Certificate of Title Vs. Deed

by Erika Johansen

    Deeds and certificates of title have one function in common: both provide proof of ownership of property. The certificate of title will contain enough information to identify the piece of property and any encumbrances, such as mortgages. By contrast, the deed to a piece of real property may also include conditions of ownership and more extensive information about the property. The deed itself is also an integral part of a real estate transfer.

    Generally, a certificate of title is a state-issued document that proves ownership of property. Certificates of title can be used for both real property (land) and personal property (possessions). The certificate will generally contain the property owner's name and address, as well as some identifying features of the piece of property, such as a vehicle's license plate number or the address or location of a piece of land. However, sometimes the property is encumbered, meaning that someone else may have potential rights to the property (for instance, if another party holds a mortgage on the property or lien on a vehicle). If this is the case, the certificate of title will list such encumbrances as well.

    In real estate transactions, certificates of title can be especially important. When a title company issues a certificate of title on a piece of real property, the certificate sets forth the title company's opinion that the seller is, in fact, the owner of the piece of property. Because a piece of land, as opposed to personal property, cannot be picked up and given to someone else, it's more difficult to determine who "owns" real estate; just because someone is living on the property doesn't mean he's the owner. Therefore, the title company's certificate of title says the company has done a full background check on the ownership of the land and certifies that the person selling actually has the right to sell.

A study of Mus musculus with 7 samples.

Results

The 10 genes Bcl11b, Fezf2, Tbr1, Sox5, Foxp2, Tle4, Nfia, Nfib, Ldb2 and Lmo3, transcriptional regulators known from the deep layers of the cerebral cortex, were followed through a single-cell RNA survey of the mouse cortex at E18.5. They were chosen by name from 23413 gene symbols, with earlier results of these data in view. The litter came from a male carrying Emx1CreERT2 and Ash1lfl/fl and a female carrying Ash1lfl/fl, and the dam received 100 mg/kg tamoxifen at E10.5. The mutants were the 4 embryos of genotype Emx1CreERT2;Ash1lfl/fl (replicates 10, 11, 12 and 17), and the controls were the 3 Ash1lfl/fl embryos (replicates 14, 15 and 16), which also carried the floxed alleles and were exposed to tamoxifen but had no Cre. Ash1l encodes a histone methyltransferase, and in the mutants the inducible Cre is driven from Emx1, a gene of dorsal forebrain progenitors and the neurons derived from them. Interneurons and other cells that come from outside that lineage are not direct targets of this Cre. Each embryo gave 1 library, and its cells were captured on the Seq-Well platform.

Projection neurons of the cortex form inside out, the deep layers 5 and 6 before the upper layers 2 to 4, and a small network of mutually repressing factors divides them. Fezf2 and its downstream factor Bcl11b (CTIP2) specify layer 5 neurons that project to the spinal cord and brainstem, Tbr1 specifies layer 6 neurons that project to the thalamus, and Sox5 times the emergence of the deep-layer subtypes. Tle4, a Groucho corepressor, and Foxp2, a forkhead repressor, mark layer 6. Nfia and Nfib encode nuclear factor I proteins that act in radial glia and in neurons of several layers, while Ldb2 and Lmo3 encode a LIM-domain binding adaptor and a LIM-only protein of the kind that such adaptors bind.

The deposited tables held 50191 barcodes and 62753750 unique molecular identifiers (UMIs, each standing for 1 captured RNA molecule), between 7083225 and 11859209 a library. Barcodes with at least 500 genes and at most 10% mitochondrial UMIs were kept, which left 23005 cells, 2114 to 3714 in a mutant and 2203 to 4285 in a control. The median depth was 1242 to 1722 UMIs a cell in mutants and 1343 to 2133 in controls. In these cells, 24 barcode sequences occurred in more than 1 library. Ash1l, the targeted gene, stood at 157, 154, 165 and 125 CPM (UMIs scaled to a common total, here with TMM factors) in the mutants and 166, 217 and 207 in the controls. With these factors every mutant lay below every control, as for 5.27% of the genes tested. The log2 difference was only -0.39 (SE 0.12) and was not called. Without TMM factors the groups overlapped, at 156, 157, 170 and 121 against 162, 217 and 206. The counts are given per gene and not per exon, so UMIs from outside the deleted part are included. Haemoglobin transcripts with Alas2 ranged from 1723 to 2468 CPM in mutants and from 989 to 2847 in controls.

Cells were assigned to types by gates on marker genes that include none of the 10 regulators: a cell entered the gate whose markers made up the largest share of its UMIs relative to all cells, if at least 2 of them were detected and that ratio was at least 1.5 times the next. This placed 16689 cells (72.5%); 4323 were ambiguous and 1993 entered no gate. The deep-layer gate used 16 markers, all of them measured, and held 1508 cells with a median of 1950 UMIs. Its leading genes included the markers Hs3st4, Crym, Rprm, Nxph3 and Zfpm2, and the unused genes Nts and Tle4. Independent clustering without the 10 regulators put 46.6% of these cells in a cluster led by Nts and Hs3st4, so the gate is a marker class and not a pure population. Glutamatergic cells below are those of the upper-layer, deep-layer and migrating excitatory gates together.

A deed is used solely for the transfer of real property. The deed lists the address, or other identifying features, used to locate the property, as well as the two parties to the transfer. Traditionally, the deed also contained any promises the buyer and seller made to each other as part of the transfer, such as the purchase price and any restrictions on use of the property. However, the modern practice is to immortalize these promises in a separate contract of sale, which is then referenced in the deed.

    Creation of a deed listing the new owner is not enough to transfer a piece of real estate. The deed must be legally delivered from the seller to the buyer, meaning that the seller demonstrates his intention that the new deed take immediate, irrevocable effect. This sounds deceptively simple. Most courts will recognize delivery if the seller simply hands the deed to the buyer, but if one party presents evidence that the deed wasn't intended to go into effect right away and forever, a court can find failed delivery and void the deed. Most parties now deal with this using the escrow process, in which the deed is handed to a third-party agent with instructions to convey it to the buyer when all sale requirements are met.


    Erika Johansen is a lifelong writer with a Master of Fine Arts from the Iowa Writers' Workshop and editorial experience in scholastic publication. She has written articles for various websites.